Can Dyspnea and Fatigue Signal Key Outcomes in HF Patients?


New research looks at the use of dyspnea in predicting outcomes, cognitive patterns in chronic heart failure, and the incidence of ICD shocks.

Findings from a study conducted by researchers at Chang Gung Institute of Technology in Taoyuan, Taiwan, showed that trends in dyspnea and fatigue can predict health-related quality of life outcomes in patients with heart failure. The study was one of several presented during the Nursing Research Award session Monday at the HFSA 14th Annual Scientific Meeting that looked at how recent research can impact the care of patients with heart failure (HF).

In their research, lead author Tsuey-Yuang Huang and colleagues set out to determine whether trends in fatigue and dyspnea, a condition characterized by unpleasant or uncomfortable breathing, can adversely impact quality of life (QoL) in HF patients. Participants were asked to complete a pulmonary function questionnaire, and were placed into three groups based on the intensity of dyspnea and fatigue at baseline, three months, and 12 months.

According to Huang, Kaplan-Meier survival analysis was used to determine whether dyspnea and fatigue trends pointed to QoL and event-free survival. Of the 122 participants, the majority of whom were male, patients in the group with the most moderate intensity demonstrated longer event-free survival than those in the more severe groups, and health-related QoL in the group with the most severe intensity was worst of the three groups.

The researchers concluded that trends in both dyspnea and fatigue over the course of one year predicted health-related QoL in HF patients. However, “only trends in fatigue predicted event-free survival,” said Huang. These data, she pointed out, “demonstrate the value of tracking symptoms over time to determine symptom trajectories.

In another study, Lisa C. Bauer, RN, of University of California, San Francisco, and colleagues examined “Cognitive Patterns in Chronic Heart Failure.” The goal of their research was to identify patterns of cognitive impairment in patients with systolic and diastolic dysfunction, as previous studies looked primarily or exclusively at patients with systolic dysfunction.

Bauer and colleagues used the Repeatable Battery for Assessment of Neuropsychological Status, as well as letter fluency, to measure cognitive impairment in a sample of patients with systolic and diastolic dysfunction. They found that patients with systemic dysfunction demonstrate different cognitive impairment than patients with diastolic dysfunction, particularly in terms of immediate versus delayed memory.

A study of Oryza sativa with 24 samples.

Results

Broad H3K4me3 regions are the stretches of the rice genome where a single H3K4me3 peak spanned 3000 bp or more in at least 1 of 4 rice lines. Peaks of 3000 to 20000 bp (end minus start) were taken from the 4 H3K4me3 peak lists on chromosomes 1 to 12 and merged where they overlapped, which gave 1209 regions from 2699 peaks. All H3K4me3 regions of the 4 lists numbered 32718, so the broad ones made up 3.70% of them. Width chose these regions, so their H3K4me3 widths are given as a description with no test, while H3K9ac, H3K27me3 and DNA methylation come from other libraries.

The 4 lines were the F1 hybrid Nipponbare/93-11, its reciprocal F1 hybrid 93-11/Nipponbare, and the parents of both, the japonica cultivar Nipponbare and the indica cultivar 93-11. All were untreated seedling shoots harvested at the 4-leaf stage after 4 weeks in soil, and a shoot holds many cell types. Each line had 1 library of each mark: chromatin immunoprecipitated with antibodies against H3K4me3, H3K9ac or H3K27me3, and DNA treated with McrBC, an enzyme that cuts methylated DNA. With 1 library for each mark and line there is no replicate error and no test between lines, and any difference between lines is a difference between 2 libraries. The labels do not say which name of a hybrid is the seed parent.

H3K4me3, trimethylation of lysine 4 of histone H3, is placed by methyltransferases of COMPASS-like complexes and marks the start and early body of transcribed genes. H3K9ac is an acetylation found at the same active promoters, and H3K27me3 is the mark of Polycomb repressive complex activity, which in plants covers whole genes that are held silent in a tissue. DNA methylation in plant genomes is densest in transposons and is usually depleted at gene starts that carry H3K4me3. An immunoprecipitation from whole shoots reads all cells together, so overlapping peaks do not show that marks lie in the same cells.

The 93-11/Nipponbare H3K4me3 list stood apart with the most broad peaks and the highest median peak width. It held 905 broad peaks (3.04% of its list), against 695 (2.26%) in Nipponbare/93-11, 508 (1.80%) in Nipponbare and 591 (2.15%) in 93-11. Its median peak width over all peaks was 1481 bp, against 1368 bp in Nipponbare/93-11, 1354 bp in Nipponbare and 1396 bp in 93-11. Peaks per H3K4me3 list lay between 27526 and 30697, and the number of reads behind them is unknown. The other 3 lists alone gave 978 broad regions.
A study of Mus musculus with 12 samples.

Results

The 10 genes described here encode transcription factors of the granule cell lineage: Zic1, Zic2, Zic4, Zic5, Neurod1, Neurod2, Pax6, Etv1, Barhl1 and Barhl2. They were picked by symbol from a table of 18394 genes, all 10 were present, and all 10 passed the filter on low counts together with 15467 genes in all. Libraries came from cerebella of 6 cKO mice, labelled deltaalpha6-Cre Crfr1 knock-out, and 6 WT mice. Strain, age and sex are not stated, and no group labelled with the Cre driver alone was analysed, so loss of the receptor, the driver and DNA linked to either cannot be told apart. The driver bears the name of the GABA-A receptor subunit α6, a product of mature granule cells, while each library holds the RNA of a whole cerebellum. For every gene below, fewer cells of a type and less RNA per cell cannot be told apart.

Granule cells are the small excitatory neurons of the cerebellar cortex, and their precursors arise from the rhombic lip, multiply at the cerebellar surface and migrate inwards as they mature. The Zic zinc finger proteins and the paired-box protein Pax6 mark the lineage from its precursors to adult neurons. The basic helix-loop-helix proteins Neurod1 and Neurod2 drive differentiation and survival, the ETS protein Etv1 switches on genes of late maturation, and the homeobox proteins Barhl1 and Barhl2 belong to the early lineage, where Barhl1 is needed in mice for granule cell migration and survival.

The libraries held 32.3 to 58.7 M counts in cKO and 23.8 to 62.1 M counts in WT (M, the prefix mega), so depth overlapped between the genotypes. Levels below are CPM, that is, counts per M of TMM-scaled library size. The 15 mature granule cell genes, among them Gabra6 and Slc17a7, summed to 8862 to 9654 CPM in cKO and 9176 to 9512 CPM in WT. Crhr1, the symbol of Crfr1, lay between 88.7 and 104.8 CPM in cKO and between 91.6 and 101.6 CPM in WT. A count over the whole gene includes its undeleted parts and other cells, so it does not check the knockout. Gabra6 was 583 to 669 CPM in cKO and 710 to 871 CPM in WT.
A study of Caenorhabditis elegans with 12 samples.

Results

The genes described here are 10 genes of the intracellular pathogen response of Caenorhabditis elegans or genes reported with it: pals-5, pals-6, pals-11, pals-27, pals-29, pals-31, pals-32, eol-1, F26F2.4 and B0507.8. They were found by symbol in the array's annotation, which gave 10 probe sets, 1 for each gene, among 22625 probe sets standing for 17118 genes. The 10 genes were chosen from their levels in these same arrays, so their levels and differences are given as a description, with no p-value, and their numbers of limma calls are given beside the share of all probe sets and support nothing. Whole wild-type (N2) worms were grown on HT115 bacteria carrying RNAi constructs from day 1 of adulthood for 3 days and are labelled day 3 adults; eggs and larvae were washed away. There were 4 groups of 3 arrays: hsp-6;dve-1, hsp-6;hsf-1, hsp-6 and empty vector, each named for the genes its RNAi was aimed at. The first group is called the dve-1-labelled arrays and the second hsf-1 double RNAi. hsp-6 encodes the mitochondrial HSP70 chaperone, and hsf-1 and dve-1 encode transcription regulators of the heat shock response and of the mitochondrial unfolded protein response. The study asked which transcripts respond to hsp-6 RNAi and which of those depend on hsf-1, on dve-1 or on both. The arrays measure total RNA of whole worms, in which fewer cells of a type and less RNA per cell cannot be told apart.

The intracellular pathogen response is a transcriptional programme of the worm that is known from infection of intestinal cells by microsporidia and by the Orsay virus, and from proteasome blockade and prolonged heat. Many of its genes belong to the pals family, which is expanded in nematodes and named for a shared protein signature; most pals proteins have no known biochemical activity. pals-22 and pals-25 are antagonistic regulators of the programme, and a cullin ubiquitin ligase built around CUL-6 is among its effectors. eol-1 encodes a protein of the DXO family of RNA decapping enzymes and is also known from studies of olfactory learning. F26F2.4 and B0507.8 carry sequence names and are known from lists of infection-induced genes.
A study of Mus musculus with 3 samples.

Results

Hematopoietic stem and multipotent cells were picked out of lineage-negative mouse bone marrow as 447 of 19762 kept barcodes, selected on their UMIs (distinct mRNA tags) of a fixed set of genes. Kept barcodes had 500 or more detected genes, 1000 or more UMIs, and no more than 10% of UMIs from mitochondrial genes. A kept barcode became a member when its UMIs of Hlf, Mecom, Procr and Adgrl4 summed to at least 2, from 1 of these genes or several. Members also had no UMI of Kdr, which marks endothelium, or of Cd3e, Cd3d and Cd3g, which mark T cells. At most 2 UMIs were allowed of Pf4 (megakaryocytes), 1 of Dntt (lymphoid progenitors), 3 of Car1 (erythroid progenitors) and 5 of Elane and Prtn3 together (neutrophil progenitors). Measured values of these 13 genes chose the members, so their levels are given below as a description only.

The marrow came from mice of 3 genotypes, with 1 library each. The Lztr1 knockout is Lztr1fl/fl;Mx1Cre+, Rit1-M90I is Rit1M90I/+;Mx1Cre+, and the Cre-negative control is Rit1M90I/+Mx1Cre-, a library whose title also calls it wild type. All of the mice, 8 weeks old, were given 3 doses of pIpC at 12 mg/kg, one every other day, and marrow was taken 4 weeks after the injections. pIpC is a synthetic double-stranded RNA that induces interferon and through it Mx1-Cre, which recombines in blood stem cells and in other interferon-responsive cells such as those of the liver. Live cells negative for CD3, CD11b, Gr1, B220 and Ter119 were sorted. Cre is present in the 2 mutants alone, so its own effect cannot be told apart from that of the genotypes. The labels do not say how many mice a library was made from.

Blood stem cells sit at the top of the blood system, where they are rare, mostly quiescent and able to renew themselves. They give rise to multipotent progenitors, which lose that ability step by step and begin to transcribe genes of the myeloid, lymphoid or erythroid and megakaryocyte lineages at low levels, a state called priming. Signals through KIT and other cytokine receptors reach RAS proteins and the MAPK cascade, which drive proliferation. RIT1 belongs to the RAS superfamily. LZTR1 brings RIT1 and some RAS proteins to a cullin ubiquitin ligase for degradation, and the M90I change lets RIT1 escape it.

The researchers concluded that heart failure etiology contributes to cognitive impairment patterns demonstrated in chronic HF patients, and that different patterns may require different compensatory interventions. Replication of these findings, they noted, is crucial, due to the small sample size.

Finally, Tamra L. Ward and colleagues from Creighton University, Omaha, NE, examined the potential effect of heart disease management on the incidence of implantable cardioverter-defibrillator (ICD) shocks. According to Ward, the benefits of ICD have been demonstrated through clinical trials, but it still wasn’t clear whether there is “a special component that is responsible for reducing the incidence of ICD shocks.”

Working under a hypothesis that patients who are part of a disease management program “will have decreased incidence of ICD shocks compared to those in usual managed care,” Ward and colleagues performed retrospective analysis of 223 patients, and found that the overall shock rate was lower than expected (one-third of patients were shocked in the first 1-2 years). After adjusting several factors, including age, gender, sex, indication for ICD, LVEF, and medication use, it was concluded that participation in a disease management program is an independent risk predictor for fewer ICD shocks. Aggressive HF management and surveillance may reduce the incidence of ICD shocks, they found.